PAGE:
Leniency Plea - For 107lbs Of Marijuana


Tribune Staff Reporter


AN attorney was unsuccessful in her bid yesterday to have a magistrate impose a lighter sentence for drug possession on her Jamaican client because of the prime minister’s stance on decriminalising small amounts of marijuana.

Miranda Adderley tried to get Deputy Chief Magistrate Andrew Forbes to exercise leniency on Cecil Reid for the 107 pounds of marijuana he was caught with because of Prime Minister Dr Hubert Minnis’ recent stance on the substance.

Cecil, a visitor from Saint Ann Parish, Jamaica, as well as his two compatriots Robert Tenant and Courtney Stewart were arrested last week after police found over $100,000 worth of marijuana in a house they were in on Foster Street.

Ms Adderley, in pleading on Reid’s behalf, drew the senior magistrate’s attention to Dr Minnis saying in November that he supports decriminalising possession of small amounts of marijuana and making the drug legal for medicinal and/or scientific purposes.

Despite her attempts however, Dep. Chief Magistrate Forbes sentenced Reid to 18 months behind bars for his actions, noting that neither the government’s stance nor public discourse on the issue supersedes the current law.

In any event, the deputy chief magistrate said the current discussion surrounding marijuana pertains to “small quantities”, and not the large amount of drugs Reid was caught with.

Deputy Chief Magistrate Forbes further noted the peculiarity of Reid being caught in possession of such a large amount of drugs despite being a visitor and being in the Bahamas for just eight months.

It came after Reid pleaded guilty to a single count of possession of dangerous drugs with intent to supply.

Prosecutor Assistant Superintendent Clifford Daxon told the court officers were on mobile patrol in the Foster Street area when they received certain information. As a result, they went to a house in the area where they saw three men, one of whom was Reid, standing by the door.

Upon seeing the officers, all three men tried to enter the residence. However, they were pursued and captured by the police.

As the officers entered the building they were greeted with a strong odour of marijuana. As a result, the officers took the men to an eastern bedroom where they found four crocus sacks of marijuana. Reid and the other two men were consequently cautioned and arrested.

While en route to the Nassau Street Police Station, Reid told the officers: “… It’s my dope. No need to lock up my two friends”. Then, when he got to the police station, he gave a statement admitting knowledge of the drugs. His two friends, 50-year-old Robert Tenant and 43-year-old Courtney Stewart denied knowledge of the drugs.

Yesterday, both Tenant, who landed in the country on January 5, and Stewart, who entered the country on December 9 of last year, pleaded not guilty to the charge and ASP Daxon consequently withdrew the charges against them.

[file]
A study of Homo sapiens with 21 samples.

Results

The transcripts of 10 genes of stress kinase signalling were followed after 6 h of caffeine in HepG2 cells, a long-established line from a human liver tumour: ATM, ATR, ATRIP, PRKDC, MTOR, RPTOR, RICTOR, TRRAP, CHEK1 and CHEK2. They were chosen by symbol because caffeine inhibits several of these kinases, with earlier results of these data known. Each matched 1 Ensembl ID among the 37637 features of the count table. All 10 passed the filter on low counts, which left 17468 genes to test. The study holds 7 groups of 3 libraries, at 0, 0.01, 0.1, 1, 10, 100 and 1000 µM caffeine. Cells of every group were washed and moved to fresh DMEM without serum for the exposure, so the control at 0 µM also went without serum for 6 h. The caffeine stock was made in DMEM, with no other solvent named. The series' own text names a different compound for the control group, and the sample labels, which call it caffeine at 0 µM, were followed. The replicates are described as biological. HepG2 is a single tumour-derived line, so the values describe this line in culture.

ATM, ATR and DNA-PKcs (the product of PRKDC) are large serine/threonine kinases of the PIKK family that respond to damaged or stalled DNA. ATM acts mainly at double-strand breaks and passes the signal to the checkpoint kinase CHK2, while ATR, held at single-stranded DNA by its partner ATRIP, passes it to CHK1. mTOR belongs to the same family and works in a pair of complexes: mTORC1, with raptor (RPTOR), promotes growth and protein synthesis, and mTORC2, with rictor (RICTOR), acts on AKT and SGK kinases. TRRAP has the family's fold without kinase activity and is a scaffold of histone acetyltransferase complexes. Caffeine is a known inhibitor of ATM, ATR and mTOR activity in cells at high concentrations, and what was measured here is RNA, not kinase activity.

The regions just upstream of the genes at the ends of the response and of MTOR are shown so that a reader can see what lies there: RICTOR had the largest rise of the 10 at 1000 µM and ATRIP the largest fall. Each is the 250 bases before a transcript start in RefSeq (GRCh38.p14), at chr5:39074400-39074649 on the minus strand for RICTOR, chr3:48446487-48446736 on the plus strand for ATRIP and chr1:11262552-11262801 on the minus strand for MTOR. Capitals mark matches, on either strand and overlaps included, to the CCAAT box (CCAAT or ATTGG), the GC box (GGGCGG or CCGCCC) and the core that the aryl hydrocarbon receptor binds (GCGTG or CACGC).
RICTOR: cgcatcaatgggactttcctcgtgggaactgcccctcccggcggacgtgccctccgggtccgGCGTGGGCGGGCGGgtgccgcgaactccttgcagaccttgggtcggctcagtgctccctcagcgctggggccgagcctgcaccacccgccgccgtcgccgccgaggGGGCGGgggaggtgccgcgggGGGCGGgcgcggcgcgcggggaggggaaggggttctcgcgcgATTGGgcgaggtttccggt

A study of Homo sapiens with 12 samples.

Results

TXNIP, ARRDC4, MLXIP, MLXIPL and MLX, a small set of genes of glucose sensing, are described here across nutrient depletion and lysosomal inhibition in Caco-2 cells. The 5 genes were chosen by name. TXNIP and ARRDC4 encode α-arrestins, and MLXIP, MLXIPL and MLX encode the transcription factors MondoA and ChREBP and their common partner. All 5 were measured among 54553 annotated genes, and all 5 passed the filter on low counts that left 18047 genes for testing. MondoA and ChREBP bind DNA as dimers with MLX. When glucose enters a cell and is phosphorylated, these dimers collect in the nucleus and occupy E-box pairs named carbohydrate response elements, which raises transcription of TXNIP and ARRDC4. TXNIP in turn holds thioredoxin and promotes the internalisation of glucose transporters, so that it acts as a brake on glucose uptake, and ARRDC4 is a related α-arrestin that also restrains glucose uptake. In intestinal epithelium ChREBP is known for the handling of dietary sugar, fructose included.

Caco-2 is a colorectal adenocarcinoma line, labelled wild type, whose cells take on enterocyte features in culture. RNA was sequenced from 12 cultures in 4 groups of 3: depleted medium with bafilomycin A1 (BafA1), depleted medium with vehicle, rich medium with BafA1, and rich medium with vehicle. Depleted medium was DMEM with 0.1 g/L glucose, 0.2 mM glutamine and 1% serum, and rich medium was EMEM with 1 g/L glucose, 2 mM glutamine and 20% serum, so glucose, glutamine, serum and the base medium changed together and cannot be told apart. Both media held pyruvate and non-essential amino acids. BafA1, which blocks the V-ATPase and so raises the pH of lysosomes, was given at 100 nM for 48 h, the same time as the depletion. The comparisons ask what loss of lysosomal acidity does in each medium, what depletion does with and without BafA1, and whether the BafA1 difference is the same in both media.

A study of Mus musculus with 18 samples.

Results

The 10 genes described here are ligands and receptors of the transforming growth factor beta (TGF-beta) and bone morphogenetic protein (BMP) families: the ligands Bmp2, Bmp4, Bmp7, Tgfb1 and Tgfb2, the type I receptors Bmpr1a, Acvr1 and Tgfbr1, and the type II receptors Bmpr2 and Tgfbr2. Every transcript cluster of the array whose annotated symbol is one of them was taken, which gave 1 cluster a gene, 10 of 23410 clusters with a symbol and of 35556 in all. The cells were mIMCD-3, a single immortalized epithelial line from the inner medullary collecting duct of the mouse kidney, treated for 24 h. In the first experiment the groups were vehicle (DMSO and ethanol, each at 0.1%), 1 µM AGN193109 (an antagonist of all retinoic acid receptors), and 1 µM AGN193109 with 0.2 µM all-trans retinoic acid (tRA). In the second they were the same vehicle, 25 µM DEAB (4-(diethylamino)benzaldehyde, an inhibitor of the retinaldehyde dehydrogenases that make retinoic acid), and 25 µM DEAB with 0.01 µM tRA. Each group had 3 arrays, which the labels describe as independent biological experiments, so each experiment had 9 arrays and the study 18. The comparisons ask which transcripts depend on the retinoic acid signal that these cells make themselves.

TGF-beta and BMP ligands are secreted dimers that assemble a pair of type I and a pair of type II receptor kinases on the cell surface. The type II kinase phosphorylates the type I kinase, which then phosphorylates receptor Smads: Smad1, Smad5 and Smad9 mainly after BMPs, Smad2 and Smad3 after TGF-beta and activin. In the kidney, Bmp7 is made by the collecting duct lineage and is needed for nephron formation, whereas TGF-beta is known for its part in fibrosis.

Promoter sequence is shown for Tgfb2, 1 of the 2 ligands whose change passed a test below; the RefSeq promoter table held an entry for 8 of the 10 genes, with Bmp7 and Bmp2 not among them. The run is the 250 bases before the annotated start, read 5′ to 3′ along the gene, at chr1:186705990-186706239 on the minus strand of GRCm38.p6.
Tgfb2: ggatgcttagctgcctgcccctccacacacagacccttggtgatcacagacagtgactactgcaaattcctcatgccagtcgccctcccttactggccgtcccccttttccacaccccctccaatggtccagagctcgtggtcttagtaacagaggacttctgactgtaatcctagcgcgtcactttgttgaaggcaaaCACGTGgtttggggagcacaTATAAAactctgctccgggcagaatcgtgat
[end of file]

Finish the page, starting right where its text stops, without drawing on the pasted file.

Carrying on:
Dep. Chief Magistrate Forbes said such Reid’s 19 month sentence should demonstrate his sort of conduct will not be tolerated “either here or in his home country of Jamaica”. After serving his sentence, Reid will be turned over to the Department of Immigration for deportation. His two compatriots are also ordered to be turned over to immigration authorities for deportation, the senior magistrate said.

Last November, Dr Minnis said he favours decriminalising possession of small amounts of marijuana and making the substance legal for medicinal and/or scientific purposes.

Becoming the first sitting prime minister to publicly support some form of marijuana decriminalisation, he told The Tribune he hopes the decriminalisation process will happen before the end of this term.

He said he is eagerly awaiting the release of a report by the Bahamas National Commission on Marijuana to help chart the way forward on the substance, which has been illegal since 1929. He said as the country’s leader, he feels responsibility to have the matter properly examined.

“Many Bahamians including young men have been convicted for possession of small amounts of marijuana resulting in criminal records and the loss of a job or inability to find employment,” he said yesterday. “A good number have also been incarcerated for periods of time. Some cannot afford bail.

“Studies have shown that CBDs (Cannabidiol) have been proven to aid patients suffering from various diseases including cancer, Alzheimer’s, multiple sclerosis and Crohn’s disease. Other Caribbean countries have taken steps to or are considering the decriminalising of marijuana for various purposes, including Antigua and Barbuda as well as St Vincent and the Grenadines, Cayman Islands, US Virgin Islands, Bermuda and Puerto Rico.”

The Minnis administration has inched toward a more progressive stance on the drug. Earlier this month its top appointee to the Rehabilitation of Offenders Committee, Paul Farquharson, called on young and first-time offenders convicted of drug possession crimes to get their criminal records expunged.

“If you were to take a poll among young people, a whole lot of them have tried marijuana,” Mr Farquharson said. “Unfortunately, some of them get caught...so I am particularly interested in the young people and giving them another chance.”